Should Guilt and Shame Have a Place in Mediation?

by Sarah Peyton
February 2019

From Sarah Peyton's monthly newsletter.

Sarah Peyton

Have you ever heard the theory that shame and guilt are good things because they support community cohesiveness and personal accountability (eg - that shame and guilt exist, evolutionarily speaking, to help individuals know when they've broken a norm which helps defend the collective welfare)?

Regardless of the origins of guilt and shame, we do know that:

  • Both play an informative function about our relationship with the environment by signaling the (prospective or actual) failure or attainment of our goals
  • Both also play a motivational function, triggering goals aimed at favoring the attainment, or avoiding the failure, of our desires


We live in an increasingly isolated world where our humanity is reduced to utility, where we internalize capitalism's notion that our mattering is conditional on how much we produce.

And we also live in a world with rapidly dwindling resources, where being alive means compromising the lives of others (carbon footprint, the level of nourishment we consume, global trade and resource use) etc.

In this context it is critical to understand the evolutionary mismatch between the world we expect, as social mammals, and the world we actually inhabit... and to re-look at how guilt, shame, conscience, loyalty and innocence function in our bodies as a result of our longing for harmony with those around us.

In our cultural crisis of mattering and belonging, the dysfunctional consequences of shame often lead to depression, generalized anxiety disorder and low self-esteem, and the maladaptive aspects of guilt include obsessive rumination, self-punishment and self-criticism, obsessive-compulsive disorders and more.

Tonight's webinar explores this and more. Here's a sneak peek:

> Did you know that guilt and shame look the same in fMRIs (pictures of brain activity), but they feel drastically different in our bodies?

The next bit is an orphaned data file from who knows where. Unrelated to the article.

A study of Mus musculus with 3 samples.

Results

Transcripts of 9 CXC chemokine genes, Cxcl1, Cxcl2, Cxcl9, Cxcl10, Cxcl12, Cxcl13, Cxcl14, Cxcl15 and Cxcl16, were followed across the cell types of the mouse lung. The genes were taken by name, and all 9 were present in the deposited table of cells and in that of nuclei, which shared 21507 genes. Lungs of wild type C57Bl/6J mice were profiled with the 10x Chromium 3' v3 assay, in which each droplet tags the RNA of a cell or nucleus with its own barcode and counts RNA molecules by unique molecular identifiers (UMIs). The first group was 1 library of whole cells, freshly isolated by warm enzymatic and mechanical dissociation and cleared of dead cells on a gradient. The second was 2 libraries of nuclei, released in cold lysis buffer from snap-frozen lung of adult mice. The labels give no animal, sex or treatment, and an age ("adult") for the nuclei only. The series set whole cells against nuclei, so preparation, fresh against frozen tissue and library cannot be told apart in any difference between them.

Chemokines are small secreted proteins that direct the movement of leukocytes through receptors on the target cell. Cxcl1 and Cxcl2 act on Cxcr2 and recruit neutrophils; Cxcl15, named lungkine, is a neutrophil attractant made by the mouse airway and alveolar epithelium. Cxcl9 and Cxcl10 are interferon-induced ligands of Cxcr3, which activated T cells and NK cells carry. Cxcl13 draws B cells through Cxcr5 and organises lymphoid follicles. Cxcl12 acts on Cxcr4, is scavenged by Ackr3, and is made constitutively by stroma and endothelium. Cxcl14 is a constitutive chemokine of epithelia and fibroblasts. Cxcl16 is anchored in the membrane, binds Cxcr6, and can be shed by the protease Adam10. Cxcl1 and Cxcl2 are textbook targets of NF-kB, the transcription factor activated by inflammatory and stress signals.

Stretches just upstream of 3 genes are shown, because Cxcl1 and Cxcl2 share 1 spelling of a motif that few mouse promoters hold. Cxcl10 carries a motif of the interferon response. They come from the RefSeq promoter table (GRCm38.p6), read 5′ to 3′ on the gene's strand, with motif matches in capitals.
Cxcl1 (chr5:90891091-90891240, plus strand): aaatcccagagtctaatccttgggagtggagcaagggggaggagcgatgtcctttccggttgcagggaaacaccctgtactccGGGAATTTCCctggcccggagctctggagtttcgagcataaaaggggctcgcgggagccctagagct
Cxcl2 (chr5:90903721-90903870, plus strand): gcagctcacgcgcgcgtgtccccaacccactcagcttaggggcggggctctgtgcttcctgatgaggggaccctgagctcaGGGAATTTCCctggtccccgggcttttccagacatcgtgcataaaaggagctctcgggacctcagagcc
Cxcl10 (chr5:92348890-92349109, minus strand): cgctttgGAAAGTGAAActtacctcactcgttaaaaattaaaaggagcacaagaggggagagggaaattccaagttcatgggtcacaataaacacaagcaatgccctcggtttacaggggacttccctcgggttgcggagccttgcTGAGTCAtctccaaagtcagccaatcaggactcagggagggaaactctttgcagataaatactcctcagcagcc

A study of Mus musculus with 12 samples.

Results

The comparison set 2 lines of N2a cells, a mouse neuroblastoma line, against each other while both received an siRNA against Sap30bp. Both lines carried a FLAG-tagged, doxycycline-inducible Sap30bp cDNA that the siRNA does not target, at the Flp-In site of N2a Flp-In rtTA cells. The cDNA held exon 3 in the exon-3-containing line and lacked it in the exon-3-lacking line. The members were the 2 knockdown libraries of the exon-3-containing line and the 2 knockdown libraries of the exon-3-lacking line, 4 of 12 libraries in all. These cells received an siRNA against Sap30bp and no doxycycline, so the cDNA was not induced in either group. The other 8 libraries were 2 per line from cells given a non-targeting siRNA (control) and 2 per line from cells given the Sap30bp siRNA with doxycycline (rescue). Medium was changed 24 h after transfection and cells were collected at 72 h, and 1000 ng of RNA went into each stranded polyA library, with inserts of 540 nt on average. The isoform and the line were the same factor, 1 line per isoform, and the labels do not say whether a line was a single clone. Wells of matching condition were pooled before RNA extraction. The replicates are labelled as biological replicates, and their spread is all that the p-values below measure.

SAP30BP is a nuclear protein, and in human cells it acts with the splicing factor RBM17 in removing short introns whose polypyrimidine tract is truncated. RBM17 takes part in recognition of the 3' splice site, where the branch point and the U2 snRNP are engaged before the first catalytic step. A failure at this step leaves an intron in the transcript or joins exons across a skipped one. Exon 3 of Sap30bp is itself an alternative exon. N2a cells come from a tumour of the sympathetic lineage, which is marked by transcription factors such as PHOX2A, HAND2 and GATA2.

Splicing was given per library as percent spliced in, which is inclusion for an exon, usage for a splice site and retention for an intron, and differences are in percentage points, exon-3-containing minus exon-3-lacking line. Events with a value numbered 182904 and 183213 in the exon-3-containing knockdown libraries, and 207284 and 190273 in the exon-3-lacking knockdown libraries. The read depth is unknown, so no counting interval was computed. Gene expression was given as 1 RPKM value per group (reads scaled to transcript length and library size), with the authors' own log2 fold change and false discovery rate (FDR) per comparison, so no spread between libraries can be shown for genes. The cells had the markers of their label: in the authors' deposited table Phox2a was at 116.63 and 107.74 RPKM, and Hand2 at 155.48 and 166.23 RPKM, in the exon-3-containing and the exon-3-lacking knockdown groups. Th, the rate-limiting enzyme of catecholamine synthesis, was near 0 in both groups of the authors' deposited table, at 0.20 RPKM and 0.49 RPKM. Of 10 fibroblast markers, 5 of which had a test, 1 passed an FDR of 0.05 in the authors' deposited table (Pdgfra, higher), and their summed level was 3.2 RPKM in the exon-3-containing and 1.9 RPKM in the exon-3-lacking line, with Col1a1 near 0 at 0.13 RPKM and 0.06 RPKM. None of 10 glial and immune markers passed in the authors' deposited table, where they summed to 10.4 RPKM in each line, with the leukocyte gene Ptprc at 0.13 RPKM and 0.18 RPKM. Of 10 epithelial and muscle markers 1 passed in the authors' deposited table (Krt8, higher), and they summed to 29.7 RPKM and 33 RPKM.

> And that guilt often has a protective and connective function, and has been found to lead to repair action tendencies (apologizing, amending, and undoing harm) where as shame often leads to withdrawal and escape behaviors, as well as hostile and self-defensive reactions?

> Have you considered that, while we traditionally believe that our "conscience" tells us what is right and what is wrong, conscience, in practice, actually is a functional strive for harmony with those around us?

Because assuring our belonging is a matter of survival, we often feel good simply to be in accordance with the norms of our group. This means we can do horrible things (like take children away from their parents) with a clean conscience, and never feel any guilt.

Tomorrow night's webinar goes into detail about how guilt, shame, innocence, and conscience operate in the brain and body, including the connection between internalized oppression and shame, and where forgiveness fits in.

What can neuroscience bring us about how to heal guilt and shame, and practice radical self-acceptance, in the context of the world we live in where to be alive is inherently compromising the lives of others?

 

Biography


Ms. Sarah Peyton is the owner of the Interpersonal Neurobiology and Somatic Empathy.  She studied neurobiology and has experience in conflict resolution.